As with Holo before it, Material Design has triggered a deluge of app concepts, mockups, and fancy animations from various enthusiasts and designers in the community (myself included). A key factor that is often left out of these presentations, however, is a detailed and thoughtful explanation of design choices and UI considerations that went into the finished product.

As a designer, explanations of your design thinking are critical when presenting new designs, not just to those that would actually be building the app (they need to know the details), but to a broader audience of end users and even other designers. Explaining design thinking is fun, and it can educate or inspire those you're explaining to, make your creation more compelling, and prove that it isn't just a lot of chrome with some information stacked on top.

In a post to Medium, front-end developer and UI designer Francis Cortez explores a complete conceptual NBA app, which aims to offer a better approach to game tracking, summaries, audience engagement, and overall usability.


The post breaks down - in great detail - the process of thinking through, diagramming, and finally designing each step of the user flow, and - perhaps more importantly - how Google's own guidelines influenced various decisions. The piece is helpful not just because it illustrates the general process of thinking through a complete interface, but also because it provides a good look at how the guidelines are meant to be used - which tidbits, explanations, and suggestions influenced design decisions and how those bits can be turned into something unique.



Source: Medium

Liam Spradlin
Liam loves Android, design, user experience, and travel. He doesn't love ill-proportioned letter forms, advertisements made entirely of stock photography, and writing biographical snippets.

  • sivkai


  • Clayton Ginther

    I would love to see more material design articles!

    • Chris

      So long as it's truly material design and not just a handful of floating objects.

      • vyktorsouza

        or holo (with translucent bars)

    • Alexandre

      Hi, Hello, I invite you to meet these apps here that have the essence of the material or design, I hope you enjoy hehe. link http://goo.gl/3Nqle1

  • vyktorsouza

    too bad we'll only get to see real material design on concepts, Play Store is full of wanna-bes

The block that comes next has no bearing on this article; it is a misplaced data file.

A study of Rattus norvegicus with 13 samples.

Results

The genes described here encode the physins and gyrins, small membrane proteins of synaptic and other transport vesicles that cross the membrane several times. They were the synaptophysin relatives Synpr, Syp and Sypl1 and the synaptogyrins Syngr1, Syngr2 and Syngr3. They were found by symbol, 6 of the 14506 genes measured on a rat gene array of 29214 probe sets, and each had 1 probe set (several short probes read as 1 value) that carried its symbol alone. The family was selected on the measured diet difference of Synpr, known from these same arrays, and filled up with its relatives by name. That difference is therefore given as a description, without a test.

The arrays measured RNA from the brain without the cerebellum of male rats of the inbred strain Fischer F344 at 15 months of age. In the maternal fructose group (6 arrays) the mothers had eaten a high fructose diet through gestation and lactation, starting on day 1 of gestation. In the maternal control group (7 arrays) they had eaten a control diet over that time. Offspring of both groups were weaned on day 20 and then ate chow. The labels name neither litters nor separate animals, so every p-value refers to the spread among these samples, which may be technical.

• ogjrjo

      IIRC that's because true material design will only be available on Android L, since it needs APIs that's only available on L. I also remember that I've read somewhere that you can't upload apps with material design to Play, I don't know the reason why not, but it's in the terms and conditions.

      • Roger Siegenthaler

        Nothing with T&C... All the support libraries for 3D (z-axis) and the animations don't exist below API level L. Therefore any app that attempts to use "material design" on anything below L is going to look bad. What apps should be doing is following the biggest part of Material Design which is the Grid and the thinking process of "display as few actions as possible". That you can do really well even on Kitkat and below.

  • WORPspeed

    I honestly don't like it. I think it is the colors and the circular images.
    But still looking forward to MD, mostly for the fluid animations

  • http://ubermade.co Jay

    I like the thought process a lot. But I still think the final result is too dull. Isn't Material Design supposed to have different layers or levels? Where's the index / Z-axis separation? An app like this, so full of data (grids, stats, tables, scores, etc) could really use that. It was a nice read, though!

    • ConCal

      Good point.

  • Geoffrey Pascoe

    Am I the only one who thinks material design looks absolutely horrible?

    • Marcell LĂ©vai


    • http://www.modminecraft.com/ Nick Coad

      That's a weird thing to say given that any two material designs can lookly wildly different...

  • modulusshift

    That's not how you use snack bars, and why are scores, which are only occasionally displayed in the breakdown, above times, which are consistent and take the top spot when there isn't a score? Give times the top spot consistently, and let the brighter text give the scores scanning precedence.

  • baconslayer09

    Not digging the dark blue color scheme.

  • John

    I'm also not happy with the execution. When I'm looking at the team stats my eye is being drawn to the strong red background of the players' profile pics instead of the impact of the plays.

  • Eisenhorn1976

    Cortez should just find a way to send this to Adam Silver. He's a pretty open-minded and progressive commish and would probably not just ignore something like this. The NBA app needs a visual overhaul. Best bet is to link this to Grantland's Zach Lowe.